Possibility of Unifying the Sharia Reference in the Shariah Audit Profession in Islamic Financial Institutions

Frame of reference, unifying the frame of reference, Shar??ah audit, separation between ?fatw? and audit, Shar??ah standards. ?
Frame of Reference
Unifying the frame of reference
Shar??ah audit
Separation between fatw? and audit
Shar??ah standards

How to Cite

Omar, A. (2022) “Possibility of Unifying the Sharia Reference in the Shariah Audit Profession in Islamic Financial Institutions”, International Journal of Business Ethics and Governance, 5(1), pp. 135-149. Available at: https://ijbeg.com/index.php/1/article/view/102 (Accessed: 13August2022).

Abstract

A juristic frame of reference is considered a crucial building block for Islamic banks, Shariah boards, and both internal and external Shariah audits. It is also important at the level of regulatory and supervisory authorities. In this regard, researchers in the Islamic banking industry and practitioners in the profession of Shariah audit are looking forward to crystallizing the idea of unifying the frame of reference for the Shariah pronouncements (fatwa) that are issued by the Shariah supervisory boards for regional and international Islamic financial institutions. 

This study discusses the topic of unifying the juristic frame of reference by relying on all the credible fatwa of Islamic banks that have been issued by various Shariah supervisory boards in a country or a jurisdiction and all the Shariah standards that have been issued by the Accounting and Auditing Organization for Islamic Financial Institutions (AAOIFI). The topic of unifying the juristic frame of reference is completely different than the concept of unifying juristic opinions.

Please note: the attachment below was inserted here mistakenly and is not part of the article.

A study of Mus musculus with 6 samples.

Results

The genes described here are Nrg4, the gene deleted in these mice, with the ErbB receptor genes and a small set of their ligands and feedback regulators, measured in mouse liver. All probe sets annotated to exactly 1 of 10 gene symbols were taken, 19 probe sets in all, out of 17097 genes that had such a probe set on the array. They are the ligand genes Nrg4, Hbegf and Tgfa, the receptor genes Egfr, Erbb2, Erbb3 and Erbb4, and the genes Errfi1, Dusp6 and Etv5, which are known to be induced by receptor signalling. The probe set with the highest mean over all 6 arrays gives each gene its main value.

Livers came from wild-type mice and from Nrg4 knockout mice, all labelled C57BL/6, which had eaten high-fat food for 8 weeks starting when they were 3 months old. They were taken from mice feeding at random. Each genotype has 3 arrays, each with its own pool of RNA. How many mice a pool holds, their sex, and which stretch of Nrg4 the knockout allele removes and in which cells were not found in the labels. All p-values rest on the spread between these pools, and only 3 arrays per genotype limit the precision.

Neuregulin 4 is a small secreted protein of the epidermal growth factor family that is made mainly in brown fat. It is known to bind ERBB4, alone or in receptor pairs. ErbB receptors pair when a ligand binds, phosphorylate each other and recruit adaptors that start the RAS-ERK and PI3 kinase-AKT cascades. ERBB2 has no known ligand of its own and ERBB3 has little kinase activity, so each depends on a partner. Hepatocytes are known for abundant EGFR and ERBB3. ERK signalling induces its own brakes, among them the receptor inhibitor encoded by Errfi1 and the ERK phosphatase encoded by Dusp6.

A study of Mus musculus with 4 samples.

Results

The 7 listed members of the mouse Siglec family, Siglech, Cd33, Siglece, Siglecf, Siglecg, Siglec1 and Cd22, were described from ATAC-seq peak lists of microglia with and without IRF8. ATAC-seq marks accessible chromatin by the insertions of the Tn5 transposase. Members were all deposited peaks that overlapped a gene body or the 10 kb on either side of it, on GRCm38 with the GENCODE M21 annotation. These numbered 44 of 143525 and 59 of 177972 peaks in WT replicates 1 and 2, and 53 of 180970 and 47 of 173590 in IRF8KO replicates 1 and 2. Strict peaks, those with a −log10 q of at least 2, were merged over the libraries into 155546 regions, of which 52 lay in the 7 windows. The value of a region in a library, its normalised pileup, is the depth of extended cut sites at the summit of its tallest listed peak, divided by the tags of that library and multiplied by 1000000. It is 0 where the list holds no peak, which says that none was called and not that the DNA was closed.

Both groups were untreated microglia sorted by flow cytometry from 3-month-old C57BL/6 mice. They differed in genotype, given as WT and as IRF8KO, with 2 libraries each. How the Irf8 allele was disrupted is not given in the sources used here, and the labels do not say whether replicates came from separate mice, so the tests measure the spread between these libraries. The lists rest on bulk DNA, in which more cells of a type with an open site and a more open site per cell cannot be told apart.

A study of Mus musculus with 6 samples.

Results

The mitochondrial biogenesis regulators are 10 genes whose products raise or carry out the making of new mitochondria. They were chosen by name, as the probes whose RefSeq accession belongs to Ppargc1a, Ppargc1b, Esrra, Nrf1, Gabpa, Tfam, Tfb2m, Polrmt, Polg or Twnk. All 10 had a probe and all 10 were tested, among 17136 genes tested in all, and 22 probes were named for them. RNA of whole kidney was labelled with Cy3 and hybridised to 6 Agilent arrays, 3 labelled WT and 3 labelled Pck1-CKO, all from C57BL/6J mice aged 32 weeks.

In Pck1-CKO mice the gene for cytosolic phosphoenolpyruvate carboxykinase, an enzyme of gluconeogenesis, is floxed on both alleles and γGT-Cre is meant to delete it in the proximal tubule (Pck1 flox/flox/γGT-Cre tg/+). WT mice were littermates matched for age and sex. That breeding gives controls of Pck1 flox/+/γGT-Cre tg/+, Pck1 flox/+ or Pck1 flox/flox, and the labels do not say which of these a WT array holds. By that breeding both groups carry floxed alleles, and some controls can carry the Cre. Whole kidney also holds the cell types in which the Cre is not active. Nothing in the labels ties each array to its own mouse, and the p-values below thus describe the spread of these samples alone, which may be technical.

Based on the problem statement, the study aimed at identifying the concept of a juristic frame of reference, its nature, and its relationship with Islamic financial institutions. Moreover, the study analyzes the obstacles to unifying the juristic frame of reference within the Islamic banking system and its effectiveness in any Islamic financial institution. In this context, the study reached several conclusions and recommendations, namely the need for the regulatory and supervisory authorities to impose the implementation of Shariah and accounting standards issued by AAOIFI, and in the event a Shariah board of an Islamic financial institution did not follow a certain standard, disclosure should be made about such an incident. There is also the need to establish a supreme Shariah board in the central bank responsible for providing guidance and identifying the preponderant view when different Shariah boards of Islamic financial institutions differ on an issue not to unify the fatwa, but to support it with juristic evidence with the aim of disseminating knowledge among the new students.